Cartner v. Alamo Group (Fed. Cir. 2014)
Note – this decision by the Federal Circuit was released prior to the Supreme Court’s recent decisions in Octane Fitness and Highmark.
Cartner sued the road-maintenance equipment maker Alamo back in 2007 alleging infringement of his U.S. Patent No. 5,197,284. The patent covers a particular design for a hydraulic motor deceleration system. In 2010, Cartner gave-up its case and agreed to a consent decree of non-infringement. Apparently, however, the agreement between the parties said nothing about attorney fees – and Alamo subsequently asked the court to award its reasonable fees and costs under 35 U.S.C. § 285.
Section 285 gives district courts power to “award reasonable attorney fees to the prevailing party”, but only in “exceptional cases.” Although the Supreme Court recently decided two cases in this area, the fundamental law discussed above is unchanged. The change proffered by the Supreme Court is to shift power from the Federal Circuit to the District Courts who now can make the exceptional case determination and resulting fee award according to their own discretion.
Prevailing party?: You might ask – If there is a settlement, how can there be a prevailing party? Here, the problem is that there is not only a settlement, but a “consent decree” – i.e., a judgment on the merits (non-infringement) by the court that results in Cartner losing the case.
Here, the exceptional case finding came into place based upon a frivolous infringement argument made by the plaintiff — in particular, the district court found that the accused device was extremely close to the prior art design that had been cited and discussed in the patent application’s prosecution history. In reviewing the decision, the Federal Circuit agreed:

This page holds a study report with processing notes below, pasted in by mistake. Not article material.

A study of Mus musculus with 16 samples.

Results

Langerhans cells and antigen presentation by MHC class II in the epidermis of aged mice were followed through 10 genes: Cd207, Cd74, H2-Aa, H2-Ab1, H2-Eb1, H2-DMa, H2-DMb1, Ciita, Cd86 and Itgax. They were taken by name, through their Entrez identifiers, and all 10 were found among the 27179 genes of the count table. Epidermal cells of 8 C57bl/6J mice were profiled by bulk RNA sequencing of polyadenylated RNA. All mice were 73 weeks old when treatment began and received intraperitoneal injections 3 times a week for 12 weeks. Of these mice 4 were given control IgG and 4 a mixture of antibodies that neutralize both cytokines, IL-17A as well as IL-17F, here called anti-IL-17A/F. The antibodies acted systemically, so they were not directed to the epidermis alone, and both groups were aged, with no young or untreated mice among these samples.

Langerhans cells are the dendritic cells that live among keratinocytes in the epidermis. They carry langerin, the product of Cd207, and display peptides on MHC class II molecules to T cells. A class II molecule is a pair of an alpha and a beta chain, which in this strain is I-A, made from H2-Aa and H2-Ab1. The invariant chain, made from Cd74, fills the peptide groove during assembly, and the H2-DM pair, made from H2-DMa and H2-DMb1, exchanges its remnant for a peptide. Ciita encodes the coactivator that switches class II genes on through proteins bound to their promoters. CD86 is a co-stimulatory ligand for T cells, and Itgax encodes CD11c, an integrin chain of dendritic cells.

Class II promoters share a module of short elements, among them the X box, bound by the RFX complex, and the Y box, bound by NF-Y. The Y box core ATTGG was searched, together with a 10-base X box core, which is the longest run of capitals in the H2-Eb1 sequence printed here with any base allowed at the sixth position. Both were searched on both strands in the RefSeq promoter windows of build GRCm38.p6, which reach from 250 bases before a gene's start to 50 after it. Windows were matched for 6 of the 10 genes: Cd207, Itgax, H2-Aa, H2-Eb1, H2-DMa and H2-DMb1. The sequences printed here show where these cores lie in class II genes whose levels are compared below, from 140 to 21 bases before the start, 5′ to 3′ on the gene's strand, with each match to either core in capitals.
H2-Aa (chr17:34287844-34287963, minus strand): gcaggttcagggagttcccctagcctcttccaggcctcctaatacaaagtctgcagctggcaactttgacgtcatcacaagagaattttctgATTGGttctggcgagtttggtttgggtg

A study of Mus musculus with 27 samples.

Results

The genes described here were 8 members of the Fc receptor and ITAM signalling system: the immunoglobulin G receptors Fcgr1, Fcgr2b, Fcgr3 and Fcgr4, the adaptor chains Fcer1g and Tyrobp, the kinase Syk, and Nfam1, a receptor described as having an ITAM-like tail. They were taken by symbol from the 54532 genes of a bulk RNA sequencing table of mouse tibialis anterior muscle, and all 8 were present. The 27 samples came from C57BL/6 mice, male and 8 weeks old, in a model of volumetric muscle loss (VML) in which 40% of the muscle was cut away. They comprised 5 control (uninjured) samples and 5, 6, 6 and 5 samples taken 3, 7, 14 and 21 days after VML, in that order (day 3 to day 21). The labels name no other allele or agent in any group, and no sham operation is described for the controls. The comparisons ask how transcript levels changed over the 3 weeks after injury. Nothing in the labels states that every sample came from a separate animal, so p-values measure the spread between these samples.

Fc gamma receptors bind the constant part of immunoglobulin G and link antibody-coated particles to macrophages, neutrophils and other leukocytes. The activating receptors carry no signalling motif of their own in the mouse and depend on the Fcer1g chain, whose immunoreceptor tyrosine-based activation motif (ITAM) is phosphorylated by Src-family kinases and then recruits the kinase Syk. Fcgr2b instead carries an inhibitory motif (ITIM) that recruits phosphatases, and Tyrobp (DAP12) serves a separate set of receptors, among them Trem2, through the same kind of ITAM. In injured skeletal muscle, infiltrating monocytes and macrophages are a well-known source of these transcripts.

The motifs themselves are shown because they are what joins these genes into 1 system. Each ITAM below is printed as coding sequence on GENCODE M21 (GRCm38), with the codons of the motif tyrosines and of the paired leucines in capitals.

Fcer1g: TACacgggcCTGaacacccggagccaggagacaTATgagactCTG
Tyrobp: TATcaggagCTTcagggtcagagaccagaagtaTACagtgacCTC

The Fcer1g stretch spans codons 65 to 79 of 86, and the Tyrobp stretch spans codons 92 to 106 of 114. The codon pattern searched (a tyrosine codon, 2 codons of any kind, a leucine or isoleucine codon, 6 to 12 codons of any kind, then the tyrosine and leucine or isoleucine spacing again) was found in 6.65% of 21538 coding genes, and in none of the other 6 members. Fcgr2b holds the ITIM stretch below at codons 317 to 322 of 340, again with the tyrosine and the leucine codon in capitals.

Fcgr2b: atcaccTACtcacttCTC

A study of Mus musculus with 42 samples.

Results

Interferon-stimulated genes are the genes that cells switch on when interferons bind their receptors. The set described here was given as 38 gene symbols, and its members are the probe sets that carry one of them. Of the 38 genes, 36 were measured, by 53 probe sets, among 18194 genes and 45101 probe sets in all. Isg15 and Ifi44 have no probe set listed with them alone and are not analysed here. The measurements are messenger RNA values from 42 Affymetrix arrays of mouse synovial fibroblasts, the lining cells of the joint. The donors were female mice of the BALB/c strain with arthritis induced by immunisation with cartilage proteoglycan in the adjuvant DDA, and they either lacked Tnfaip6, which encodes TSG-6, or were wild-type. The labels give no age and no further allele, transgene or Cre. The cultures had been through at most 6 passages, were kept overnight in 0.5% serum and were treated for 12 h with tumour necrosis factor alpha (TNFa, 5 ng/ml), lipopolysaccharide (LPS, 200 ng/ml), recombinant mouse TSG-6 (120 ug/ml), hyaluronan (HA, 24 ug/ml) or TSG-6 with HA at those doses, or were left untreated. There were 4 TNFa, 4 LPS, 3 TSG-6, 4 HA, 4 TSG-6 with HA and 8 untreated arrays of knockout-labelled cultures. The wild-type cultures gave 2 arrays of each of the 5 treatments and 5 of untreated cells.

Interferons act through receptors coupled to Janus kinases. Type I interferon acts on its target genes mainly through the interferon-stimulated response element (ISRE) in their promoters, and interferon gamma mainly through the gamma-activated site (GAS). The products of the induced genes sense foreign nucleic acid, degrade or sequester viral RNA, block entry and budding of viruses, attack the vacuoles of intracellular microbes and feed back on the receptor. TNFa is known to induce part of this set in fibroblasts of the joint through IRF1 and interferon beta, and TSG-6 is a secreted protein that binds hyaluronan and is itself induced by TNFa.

The district court correctly concluded it was objectively unreasonable for Cartner to argue the Tiger mower could meet the “without a loss of fluid” limitation when that limitation was added to distinguish a system that was, in relevant part, the same as the Tiger mower.
The district court also found that the plaintiff had committed litigation misconduct by failing to be forthright in its interrogatory responses and by failing to affirmatively update those responses as the case developed.
Holding: $350,000 attorney fee award stands.
- Moving forward, settlement agreements should include an agreement on fee shifting that can also be part of the consent decree. Something like: “Each party waives the right to make a claim against the other for such costs, attorney fees or any other expenses associated with the matters being settled here.”
- Under the new regime of discretion-in-granting-attorney-fees, a losing party who has applied a hardball litigation strategy may be at risk.